The St. Louis Rams' first-year coach delivered a funny line when asked about his players leaving the comforts of their climate-controlled dome and venturing to play at Buffalo this December weekend.
"I'll probably have a meeting at some point and give the guys the option as to whether or not they want to make the trip," Fisher said. "If they're uncomfortable with the cold weather, we can leave them behind."
Don't be fooled, quarterback Sam Bradford and Co. are coming.
Having already twice braved the challenges of handling whatever the NFC West-leading San Francisco 49ers can throw at them, Fisher and his Rams (5-6-1) are not expecting to be intimidated by a forecast calling for rain and temperatures in the low 40s on Sunday.
"To me, it's a great challenge. It's kind of a test of our will," Fisher said. "You're going to go up there. The weather's not going to be ideal. You find out a lot about yourselves."
The Rams are on a 2-1-1 roll that includes a tie and a win over the 49ers. They're still on the fringes of the playoff race and have a chance to win three straight and finish a season with eight or more victories for the first time since 2006.
On Sunday, they'll face a Bills team that, at 5-7, is starting to feel much better about itself after overcoming early-season struggles.
And don't begrudge Bills players if they're rooting for bad weather to give them an edge.
"Without a doubt, especially when you've got a team coming in that plays in a dome," running back Fred Jackson said. "There's teams that can come in and play in any condition. We know that. But some teams aren't ready for it. They don't play in it like we do."
That was the case last weekend when the Bills turned to their ground game to counter a persistent drizzle and heavy winds in a 34-18 win over the warm-weather Jacksonville Jaguars. Given that the Rams possess one of the NFL's best pass rushes, the opportunity again presents itself for the Bills to go with their one-two punch of Jackson and speedster C.J. Spiller.
Despite the Bills having an indoor practice facility, coach Chan Gailey isn't afraid of taking his players outside for a session or two at this time of year.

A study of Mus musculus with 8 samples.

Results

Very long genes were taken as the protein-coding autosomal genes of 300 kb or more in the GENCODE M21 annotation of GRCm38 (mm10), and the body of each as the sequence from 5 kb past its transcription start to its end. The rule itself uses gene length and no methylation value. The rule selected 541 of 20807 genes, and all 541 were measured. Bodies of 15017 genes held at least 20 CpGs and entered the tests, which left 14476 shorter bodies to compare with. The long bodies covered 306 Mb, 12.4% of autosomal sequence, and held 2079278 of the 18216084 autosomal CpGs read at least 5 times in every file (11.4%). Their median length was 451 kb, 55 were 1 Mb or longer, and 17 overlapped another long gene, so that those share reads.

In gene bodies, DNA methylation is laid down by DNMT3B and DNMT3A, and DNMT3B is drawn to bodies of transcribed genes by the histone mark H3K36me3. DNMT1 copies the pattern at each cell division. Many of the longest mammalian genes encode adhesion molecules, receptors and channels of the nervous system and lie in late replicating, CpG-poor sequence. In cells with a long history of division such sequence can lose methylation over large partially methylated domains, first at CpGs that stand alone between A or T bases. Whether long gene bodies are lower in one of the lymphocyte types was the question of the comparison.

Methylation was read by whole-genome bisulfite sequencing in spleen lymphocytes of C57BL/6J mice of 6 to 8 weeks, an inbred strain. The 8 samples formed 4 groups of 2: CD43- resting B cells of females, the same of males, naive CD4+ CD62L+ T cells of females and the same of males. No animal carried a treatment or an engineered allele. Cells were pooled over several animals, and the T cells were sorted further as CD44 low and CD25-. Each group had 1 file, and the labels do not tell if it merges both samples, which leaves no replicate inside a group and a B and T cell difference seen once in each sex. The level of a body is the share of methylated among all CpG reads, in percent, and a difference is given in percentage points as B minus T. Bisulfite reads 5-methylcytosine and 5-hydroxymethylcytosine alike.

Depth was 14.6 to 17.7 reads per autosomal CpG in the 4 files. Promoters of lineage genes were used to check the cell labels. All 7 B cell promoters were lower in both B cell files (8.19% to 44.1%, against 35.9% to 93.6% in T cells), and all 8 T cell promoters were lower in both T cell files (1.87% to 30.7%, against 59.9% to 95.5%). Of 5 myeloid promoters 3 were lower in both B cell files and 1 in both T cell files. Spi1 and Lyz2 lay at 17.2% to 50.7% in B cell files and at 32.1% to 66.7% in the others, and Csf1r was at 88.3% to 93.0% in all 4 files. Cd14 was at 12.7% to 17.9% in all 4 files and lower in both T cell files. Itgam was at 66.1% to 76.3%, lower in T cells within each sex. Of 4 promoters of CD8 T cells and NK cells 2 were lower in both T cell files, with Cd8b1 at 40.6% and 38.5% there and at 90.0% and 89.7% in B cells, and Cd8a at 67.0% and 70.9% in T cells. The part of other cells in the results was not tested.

"Sometimes they don't like it. To be honest with you, I don't like it sometimes. It's cold. But so what?" Gailey said. "That's the way the game is. You got to go play, get ready for it."
In St. Louis, Fisher did the best he could to prepare his players by having them practice with wet balls to get a better handle on what might be in store.
Conditions aside, the Rams have found it difficult winning anywhere.
Since Mike Martz was fired after five games in 2005, St. Louis is now on its fifth head coach (including two interims). This franchise has not made the playoffs since 2004, and not finished with a winning record since going 12-4 in 2003.
The Rams have been particularly bad on the road. Since 2006, they're 8-36-1 away from St. Louis, including 1-3-1 this year.
Another issue is winning outside their division. They're 4-0-1 against the NFC West this season, and 1-6 against everyone else.
"I think our record could be better than what it is now. But to win the last two weeks and get ourselves back to the position we're in now, I think it says a lot about our character," Bradford said. "But I think winning a game outside the NFC West and on the road, it's the next step in this team's progression."
The Rams' revival has been sparked by an aggressive defense; St. Louis is tied for fourth in the NFL with 34 sacks, 15 1/2 coming from defensive ends Chris Long and Robert Quinn.
It's their Bradford-led offense that's struggling with consistency. The Rams have been held under 20 points seven times this season, and they have more touchdowns from their defense (four) than they've scored rushing (three).
The Bills are in a similar position now that their Mario Williams-led high-priced defense has begun to jell since the team's bye week. After allowing an average 424 yards in its first seven games, Buffalo's given up an average of 290 over its past five.
Williams, who signed a six-year, $100 million contract in March, has particularly stepped up. He has six of his team-leading 9 1/2 sacks since the bye.
"I think maybe the best word to express would be relief," general manager Buddy Nix said of his defense's improved play. "I did underestimate how long it would take. I thought it would be quicker. It wasn't. But I think we're getting there now."